On Friday, American Ballet Theatre gave us two Shakespearean reveries, José Limón’s Moor’s Pavane and Alexei Ratmansky’s new Tempest, and the contrast served neither well. Limón’s tightly structured, minimalist meditation on the theme of jealousy in Othello was partly overshadowed by the glittering spectacle of The Tempest. Ratmansky’s ambitious and untidy première, on the other hand, felt like a work-in-progress, with dazzling and inventive moments alternating with placeholder choreography, nearly undone at times by the flimsy non-score by Sibelius. The stilted program notes read like a synopsis written by a 12-year-old, prefaced by a puzzling disclaimer that suggests that the synopsis is to be ignored.

The evening opened with Stanton Welch’s ebullient Clear, free of narrative and free of any deep or interesting thought. Set to two of Bach’s all-time greatest hits, the ballet oscillates between two modes: joyfully perky and romantically moody. A luscious, bare-midriffed Paloma Herrera provides the romantic interest, drifting on stage at moments when the sight of seven buff, bare-chested men leaping and spinning and wiggling their heads starts to get monotonous. The men of ABT, manfully captained by Sascha Radetsky, are never less than stunning in Welch’s freewheeling ballet-with-a-contemporary-vibe; Herrera and Thomas Forster dispense poetry in motion. My one-line note on this piece, handwritten in the dark, reads: “Are they meant to be birds?”

In Moor’s Pavane, every step, every gesture, every look – and there aren’t very many – is fraught with meaning. Limón brought his four characters to life and engineered the destruction of Desdemona with a bare-bones modern dance tool kit and the frame of a Renaissance dance. Lush, swirling robes in deep tones of red for the noble Othello and seductive Emilia, filmy white for the doomed Desdemona, and the muted gold tunic and tights for the treacherous Iago, read dramatically in the claustrophobic circle of light in which the deadly pavane unfolds. Roman Zhurbin thunders in the role of Othello, undone by jealousy and mistrust. An entire ballet could be choreographed for Veronika Part’s bare neck and shoulders. The ethereal Hee Seo barely registers in the role of Desdemona. Cory Stearns, cast against type as the wicked Iago, is a revelation: the embodiment of sleaze, as he wraps one leg in an erotic attitude devant around Zhurbin’s hips.

Ratmansky’s characterisations are no less dramatic in Tempest, and are brilliantly realized by the entire cast, with strong assist from Santo Loquasto's ingenious costuming. The shimmering Mohawk-style headpieces for Ariel and the Storm Spirits, made of simple plastic cable ties in neon colors, are particularly arresting. The doe-eyed Sarah Lane captured the audience’s hearts with her graceful Miranda – innocent of the dark arts as practiced by her father, but also impervious to them, and therefore not entirely within her father’s control. Lane was well paired with Joseph Gorak, latest young heartthrob of the ballet world, as Ferdinand. An airborne Daniil Simkin and a prowling Herman Cornejo embodied Ariel and Caliban – the two warring sides of Prospero’s psyche – with a fevered intelligence. (Though I felt the white Kabuki face for Ariel, and the enormous bushy headdress and face paint for Caliban impaired the actors’ ability to communicate emotion.)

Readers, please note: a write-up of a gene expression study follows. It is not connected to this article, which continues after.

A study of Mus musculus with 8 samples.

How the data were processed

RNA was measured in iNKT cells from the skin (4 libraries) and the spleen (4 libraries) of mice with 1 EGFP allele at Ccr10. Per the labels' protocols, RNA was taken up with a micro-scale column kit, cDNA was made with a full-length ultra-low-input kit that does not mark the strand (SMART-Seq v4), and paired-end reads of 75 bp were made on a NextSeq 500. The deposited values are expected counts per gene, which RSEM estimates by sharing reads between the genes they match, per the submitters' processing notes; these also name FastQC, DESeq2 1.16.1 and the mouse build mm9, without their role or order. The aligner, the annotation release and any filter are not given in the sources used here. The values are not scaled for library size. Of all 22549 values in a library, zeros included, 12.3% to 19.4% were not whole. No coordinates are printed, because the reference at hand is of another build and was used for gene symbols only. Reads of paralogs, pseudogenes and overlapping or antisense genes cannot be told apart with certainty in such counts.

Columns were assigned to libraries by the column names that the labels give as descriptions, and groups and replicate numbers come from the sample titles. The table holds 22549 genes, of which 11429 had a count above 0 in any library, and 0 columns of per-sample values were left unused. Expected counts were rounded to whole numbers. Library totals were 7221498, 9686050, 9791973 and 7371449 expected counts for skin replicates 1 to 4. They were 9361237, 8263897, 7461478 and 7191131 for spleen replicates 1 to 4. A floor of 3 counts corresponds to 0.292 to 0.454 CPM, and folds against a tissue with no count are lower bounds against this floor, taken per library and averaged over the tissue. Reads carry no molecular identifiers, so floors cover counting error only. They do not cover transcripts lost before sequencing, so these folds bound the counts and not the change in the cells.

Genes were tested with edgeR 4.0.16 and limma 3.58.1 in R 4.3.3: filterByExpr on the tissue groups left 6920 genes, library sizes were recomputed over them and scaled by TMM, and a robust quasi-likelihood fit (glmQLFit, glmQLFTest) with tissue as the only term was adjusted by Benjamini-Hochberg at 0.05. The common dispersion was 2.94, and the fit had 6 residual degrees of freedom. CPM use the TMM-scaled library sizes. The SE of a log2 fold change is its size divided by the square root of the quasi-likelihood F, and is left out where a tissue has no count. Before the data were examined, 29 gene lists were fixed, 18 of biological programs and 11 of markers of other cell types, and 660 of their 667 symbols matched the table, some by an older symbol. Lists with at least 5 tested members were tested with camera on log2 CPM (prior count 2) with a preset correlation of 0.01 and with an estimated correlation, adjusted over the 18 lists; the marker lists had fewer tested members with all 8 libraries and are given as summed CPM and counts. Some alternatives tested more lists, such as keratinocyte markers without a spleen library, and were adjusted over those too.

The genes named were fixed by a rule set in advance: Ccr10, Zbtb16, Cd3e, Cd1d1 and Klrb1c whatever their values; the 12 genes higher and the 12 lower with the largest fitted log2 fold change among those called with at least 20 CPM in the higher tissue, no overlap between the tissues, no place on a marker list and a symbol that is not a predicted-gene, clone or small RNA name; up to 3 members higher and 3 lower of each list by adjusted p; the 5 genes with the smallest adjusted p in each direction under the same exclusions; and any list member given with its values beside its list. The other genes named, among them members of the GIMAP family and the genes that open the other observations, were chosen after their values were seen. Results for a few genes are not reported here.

The unfunny vaudeville shtick for Caliban and the two drunks, portrayed by Craig Salstein and Julio Bragado-Young, two highly accomplished comedic actors, needs an overhaul to make more sense of Caliban’s place in the universe, and to set the stage for the final scene. At the end of the ballet, as the ship sails with Prospero, Miranda, Ferdinand et al bound for civilization, Caliban tries, with his limited intellect, to come to terms with his lonely destiny; he struggles to read Prospero’s book on the magic arts but, frustrated, tears up its pages. A heartrending conclusion that confirms Caliban – more flawed human than beast – as the true heart of Ratmansky’s Tempest.

Marcelo Gomes gives a commanding performance as the conflicted Prospero – said to be a stand-in for Shakespeare at a time when he was contemplating the end of his career – noble, wise and self-sacrificing, yet prey to rage, self-doubt, and a propensity to abuse his power. Among passages where the choreography seems to be a mere sketch, still to be embellished, is the pivotal scene in which Prospero confronts then forgives his brother, Antonio (played by Sascha Radetsky), and his accomplices, for stripping him of his dukedom. Gomes gives Radetsky a hard stare, then extends a hand. Surely the moment calls for more than this.

Similarly, the ensemble scenes, particularly those in which Prospero conjures up the Storm Spirits to create mayhem of some kind, are a lot of busy rushing around and pushing clunky set pieces to and fro. Ratmansky’s inventiveness has so far not failed him in story ballet after story ballet, so he may well continue to polish The Tempest in the run-up to its presentation by ABT’s co-producing partner, the National Ballet of Canada.

Success, however, is predicated on beefing up the skeletal score by Sibelius, which we are told was written only as incidental music for the play. Sibelius’ conjuring of natural phenomena like storms, while atmospheric, is too frail to support a ballet. Ratmansky’s robust choreographic imagination calls out for symphonic music, or tone poems, or the pulsating electronic fabrications of Max Richter or Ólafur Arnalds, darlings of so many contemporary choreographers.